Florida Learning Disabilities Research Center


August 15, 2017

Gatlin B, Wanzek J. “Relations Among Children's Use of Dialect and Literacy Skills: A Meta-Analysis.” J Speech Lang Hear Res. 2015 Aug;58(4):1306-18. doi: 10.1044/2015_JSLHR-L-14-0311. PubMed PMID: 26090843; PubMed Central PMCID: PMC4765162.

Research indicates that African-American and Hispanic students are often at lower levels academically than are their same-age Caucasian peers. Collected data fail to support the theory that low SES levels are the only cause of this trend, leading some researchers to suspect that use of non-standard English dialects could be a factor. After all, sufficient practice in oral communication is essential to developing proper literary skills; if words spoken and words read are presented in different arrangements, the theory is that students will develop difficulties in perceptions of spelling, followed by struggles with reading as a whole and thus comprehension of information. A meta-analysis of 19 recent studies conducted on this topic has revealed certain trends, indicating that this may be an influential area for future study!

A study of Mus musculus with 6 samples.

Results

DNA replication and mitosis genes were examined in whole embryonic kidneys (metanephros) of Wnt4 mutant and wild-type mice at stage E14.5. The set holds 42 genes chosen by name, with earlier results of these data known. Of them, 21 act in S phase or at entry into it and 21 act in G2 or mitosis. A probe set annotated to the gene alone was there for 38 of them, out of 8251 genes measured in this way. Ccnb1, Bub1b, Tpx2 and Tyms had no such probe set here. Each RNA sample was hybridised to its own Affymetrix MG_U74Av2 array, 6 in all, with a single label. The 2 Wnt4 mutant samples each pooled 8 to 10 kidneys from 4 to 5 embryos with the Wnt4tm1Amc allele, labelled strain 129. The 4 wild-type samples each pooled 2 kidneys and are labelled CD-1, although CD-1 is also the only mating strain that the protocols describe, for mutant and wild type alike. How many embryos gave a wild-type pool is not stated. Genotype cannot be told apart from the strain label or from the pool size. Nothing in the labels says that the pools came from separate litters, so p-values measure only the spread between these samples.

Overall, dialect negatively correlates with reading, spelling, and writing – as usage of non-standard English increases, performance in these areas decreases. Reading seems to be the biggest area of difficulty, for reading alone and reading, spelling, and writing together yield stronger correlations than when spelling and writing are looked at alone. Nevertheless, there is still a statistically significant negative correlation between these areas, indicating that dialect does affect spelling and writing skills. Further analysis of the data collected thus far reveals that neither grade level nor SES had an impact on the found correlations, revealing the following: heavy usage of dialect correlates with decreased literacy skills throughout the K-6 years, and this relationship is present regardless of economic status. It is important to note that the data collected are not conclusive and do not support the statement that dialect usage causes a decrease in academic achievement. Future research regarding dialect usage and its results on academic achievement is necessary – perhaps dialect usage in itself is not as important as the ability to make mental switches between standard and non-standard English based on context, and different kinds of dialects could impact literacy in different ways!